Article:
Xbox One owners can download a version of Kinect Sports: Rivals right now free of charge. It is being called the “Preseason”, and all that’s included is the Xbox version of Wave Race. I’ve played this mode a few times, and while I think the foundation is there for a quality motion controls experience, Kinect 2.0 simply doesn’t work as well as advertised.
Kinect Sports: Rivals upgrades the art style from the simple Avatars from the Xbox 360 days to cartoony visuals that have more definition and are more refined. The visuals, overall, are underwhelming; this is a theme throughout most of the early Xbox One and PS4 games I am coming to discover.
It’s not that I don’t like the art style, but I just want more from my eighth gen consoles. Visually, it’s hard to see very many improvements from the Xbox 360 Kinect Sports games. There are slight visual upgrades; more detailed water physics, more polished look overall…but at the end of the day, still disappointing when it comes purely to visuals.
I think that the presentation is, overall, pretty good. The menus are slick, and if it is any indication of the final product that will be available in a few months, Kinect Sports: Rivals will have a very clean and appealing look when it comes to the menus.
Kinect 2.0 simply does not work very well with this mode. Like I said, it’s basically Wave Race. Players race on jetskis through courses set in the water, hitting ramps, boosts, and the like. Various hazards such as mines make the proceedings a bit more interesting, but the course that is made available in this game is not very exciting. It’s too barebones. The point of the Kinect Sports Preseason was to sell the game to people when it comes out in a few months, and on that end, I think that it fails miserably.
Of course, Microsoft couldn’t give away a more appealing mini-game like bowling, or else people probably wouldn’t bother buying the full game anyway. However, I found this mode almost broken. It was picking up my motions, but not always accurately. For a racing game, this can create a lot of unnecessary frustration. Remember when Wave Race played fine back in the day with a controller? Yeah, me too. Are motion controls necessary here? Do they improve the experience? I don’t think so, so that begs the question, what’s the point?
Speaking of the other sports, however, Kinect Sports: Rivals is boasting a variety of other mini-games to fill out its roster of game modes. There will be bowling, rock climbing, soccer, target shooting, and tennis as well.
Bowling has been in just about every sports mini-game compilation since Wii Sports created the genre in 2006. Soccer has been done in Kinect Sports in the past, as has tennis. They are fine game modes and I’m sure that they will actually be a lot more functional than this jetski racing nonsense. Given the jetski racing’s over the top presentation with the mines and all the ridiculous powerups, I am interested to see if Kinect Sports: Rivals will take a similar approach to the more traditional sports games that are in its lineup.
Relatively unexplored territory comes from rock climbing and target shooting. Yes, target shooting has been done with motion controls before for better or worse, but we currently have no idea what form the sport will take in Kinect Sports: Rivals. Even though the game is near the end of its development cycle, we’ve only really been shown the jetski racing and CGI trailers like the ones shown at E3.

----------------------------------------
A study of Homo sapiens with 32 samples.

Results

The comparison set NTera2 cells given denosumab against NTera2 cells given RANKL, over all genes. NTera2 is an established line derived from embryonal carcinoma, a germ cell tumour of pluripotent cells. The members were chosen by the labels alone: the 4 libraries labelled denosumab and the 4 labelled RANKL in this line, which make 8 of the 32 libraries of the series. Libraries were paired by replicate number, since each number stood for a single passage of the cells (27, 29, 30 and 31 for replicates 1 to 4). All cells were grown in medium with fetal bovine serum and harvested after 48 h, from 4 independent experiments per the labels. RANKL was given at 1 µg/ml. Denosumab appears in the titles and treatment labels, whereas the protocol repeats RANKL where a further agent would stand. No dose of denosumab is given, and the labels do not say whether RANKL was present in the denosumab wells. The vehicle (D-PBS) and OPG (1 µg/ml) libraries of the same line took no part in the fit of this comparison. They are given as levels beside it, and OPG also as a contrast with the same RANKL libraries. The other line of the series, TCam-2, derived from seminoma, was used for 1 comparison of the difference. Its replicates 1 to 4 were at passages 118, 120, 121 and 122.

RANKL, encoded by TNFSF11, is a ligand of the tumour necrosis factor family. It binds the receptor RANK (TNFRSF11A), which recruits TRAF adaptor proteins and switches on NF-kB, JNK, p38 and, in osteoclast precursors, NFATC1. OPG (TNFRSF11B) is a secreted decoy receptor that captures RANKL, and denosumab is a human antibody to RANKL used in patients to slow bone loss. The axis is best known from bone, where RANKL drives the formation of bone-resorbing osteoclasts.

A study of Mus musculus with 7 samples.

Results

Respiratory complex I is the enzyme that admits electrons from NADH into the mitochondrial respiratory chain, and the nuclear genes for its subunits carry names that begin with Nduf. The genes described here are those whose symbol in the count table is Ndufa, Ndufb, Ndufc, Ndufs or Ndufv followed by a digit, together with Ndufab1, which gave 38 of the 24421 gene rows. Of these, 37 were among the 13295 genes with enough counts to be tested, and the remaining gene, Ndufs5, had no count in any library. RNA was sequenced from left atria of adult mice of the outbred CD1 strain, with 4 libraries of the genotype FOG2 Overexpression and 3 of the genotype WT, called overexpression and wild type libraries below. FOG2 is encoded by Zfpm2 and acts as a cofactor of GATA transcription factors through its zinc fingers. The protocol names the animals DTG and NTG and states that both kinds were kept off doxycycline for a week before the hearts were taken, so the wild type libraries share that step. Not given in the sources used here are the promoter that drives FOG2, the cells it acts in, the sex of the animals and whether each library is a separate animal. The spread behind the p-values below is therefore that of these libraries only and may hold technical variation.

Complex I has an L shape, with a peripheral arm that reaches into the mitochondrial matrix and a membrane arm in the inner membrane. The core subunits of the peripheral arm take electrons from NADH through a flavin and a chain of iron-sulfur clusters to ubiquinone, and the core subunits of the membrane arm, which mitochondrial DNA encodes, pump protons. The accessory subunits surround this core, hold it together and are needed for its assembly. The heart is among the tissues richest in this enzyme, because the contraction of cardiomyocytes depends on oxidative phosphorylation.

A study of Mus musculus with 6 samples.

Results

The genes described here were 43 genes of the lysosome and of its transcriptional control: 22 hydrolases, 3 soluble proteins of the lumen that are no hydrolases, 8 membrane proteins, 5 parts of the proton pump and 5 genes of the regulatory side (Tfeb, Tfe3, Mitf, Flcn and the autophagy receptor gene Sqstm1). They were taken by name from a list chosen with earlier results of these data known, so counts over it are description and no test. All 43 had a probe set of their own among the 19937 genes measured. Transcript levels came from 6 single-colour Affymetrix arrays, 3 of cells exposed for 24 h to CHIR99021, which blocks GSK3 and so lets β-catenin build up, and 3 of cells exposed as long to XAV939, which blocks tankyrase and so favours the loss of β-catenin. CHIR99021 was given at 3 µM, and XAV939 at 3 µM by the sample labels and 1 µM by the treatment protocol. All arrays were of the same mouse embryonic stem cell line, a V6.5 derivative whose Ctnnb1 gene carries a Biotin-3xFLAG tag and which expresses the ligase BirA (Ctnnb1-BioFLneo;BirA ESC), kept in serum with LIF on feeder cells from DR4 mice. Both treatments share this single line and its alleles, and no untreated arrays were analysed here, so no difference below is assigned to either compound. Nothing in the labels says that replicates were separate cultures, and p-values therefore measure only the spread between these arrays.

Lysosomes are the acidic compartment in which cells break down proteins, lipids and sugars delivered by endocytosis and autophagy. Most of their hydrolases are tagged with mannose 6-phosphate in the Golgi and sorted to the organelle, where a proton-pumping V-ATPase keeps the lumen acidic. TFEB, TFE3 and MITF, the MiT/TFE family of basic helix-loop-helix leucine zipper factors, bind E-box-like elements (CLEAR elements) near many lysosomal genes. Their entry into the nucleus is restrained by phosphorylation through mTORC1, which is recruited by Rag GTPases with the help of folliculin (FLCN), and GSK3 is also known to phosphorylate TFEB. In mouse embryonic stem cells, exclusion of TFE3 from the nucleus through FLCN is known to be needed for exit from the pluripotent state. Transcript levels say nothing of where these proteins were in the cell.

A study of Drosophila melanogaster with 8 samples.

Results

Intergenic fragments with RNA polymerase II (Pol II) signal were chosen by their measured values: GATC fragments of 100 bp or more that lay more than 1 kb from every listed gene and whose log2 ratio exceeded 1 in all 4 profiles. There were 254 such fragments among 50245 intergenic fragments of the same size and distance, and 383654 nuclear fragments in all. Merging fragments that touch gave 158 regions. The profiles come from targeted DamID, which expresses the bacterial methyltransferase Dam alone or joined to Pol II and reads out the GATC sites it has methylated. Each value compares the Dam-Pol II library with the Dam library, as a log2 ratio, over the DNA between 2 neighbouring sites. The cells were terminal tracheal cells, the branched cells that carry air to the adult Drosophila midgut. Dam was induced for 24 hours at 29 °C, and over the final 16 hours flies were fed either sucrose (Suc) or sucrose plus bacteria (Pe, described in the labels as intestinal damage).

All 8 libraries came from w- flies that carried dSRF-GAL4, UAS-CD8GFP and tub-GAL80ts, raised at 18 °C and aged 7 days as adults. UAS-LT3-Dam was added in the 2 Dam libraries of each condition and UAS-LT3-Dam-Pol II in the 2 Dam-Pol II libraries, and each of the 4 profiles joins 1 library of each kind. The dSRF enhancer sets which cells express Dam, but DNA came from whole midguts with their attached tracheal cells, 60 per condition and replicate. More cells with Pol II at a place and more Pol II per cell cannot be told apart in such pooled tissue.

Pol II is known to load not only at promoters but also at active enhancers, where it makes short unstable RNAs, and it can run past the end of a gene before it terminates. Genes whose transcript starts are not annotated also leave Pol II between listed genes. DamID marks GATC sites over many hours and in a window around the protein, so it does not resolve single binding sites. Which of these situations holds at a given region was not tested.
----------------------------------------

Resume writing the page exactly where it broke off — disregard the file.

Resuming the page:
Rock climbing has been a sport that has been heavily used in the game’s marketing, however. The E3 trailer featured rock climbing quite a bit. I am curious to see how functional this is. I’m not faulting the Kinect 2.0 for the poor controls in the jetski racing necessarily, because I’ve seen for myself that the device can do cool things now and then, but I have yet to see something substantial from Kinect Sports: Rivals that proves that point. Maybe rock climbing is the ticket.
The leveling system from the earlier games returns in Kinect Sports: Rivals. Players are scored based on how well they do in each mini-game, which in turn earns them “fans”, which basically serve as XP in the game. We’ll have to wait and see what all of this unlocks when the full version releases.
Some of the cooler Kinect features that have been mentioned with Kinect Sports: Rivals aren’t available for use in the demo. That’s another reason why I feel the demo is lacking and not as sharp as it should be in order to sell people on the full game in a few months. I have faith that the finished product may turn out a lot better than what is displayed in the “Preseason”.
Kinect Sports: Rivals, despite my current worries and issues I have with the game, is undoubtedly one of the more important games in the Xbox One lineup. The game is part of a franchise that has sold millions, and it is being developed by the very talented people at Rare. With Nintendo pretty much forgoing the genre with the exception of Wii Sports Club, this leaves the door wide open for Microsoft to try to steal the casual space that Nintendo hugely controlled with the original Wii system and the “Wii” series of games.
Originally slated as a launch title (there’s even a picture of it with the “DAY ONE 2013″ emblem on the cover floating around on the Internet — guess Rare was too busy helping with Killer Instinct to finish this game in time), Kinect Sports: Rivals has been pushed into early to mid 2014, probably for the better. At this stage, the game needs serious work, which is clearly evident by this demo. In the meantime, there’s not a whole lot of games that make Kinect worthwhile, and it doesn’t look like Kinect Sports: Rivals will be the game that makes Xbox One’s Kinect an actual selling point for the system.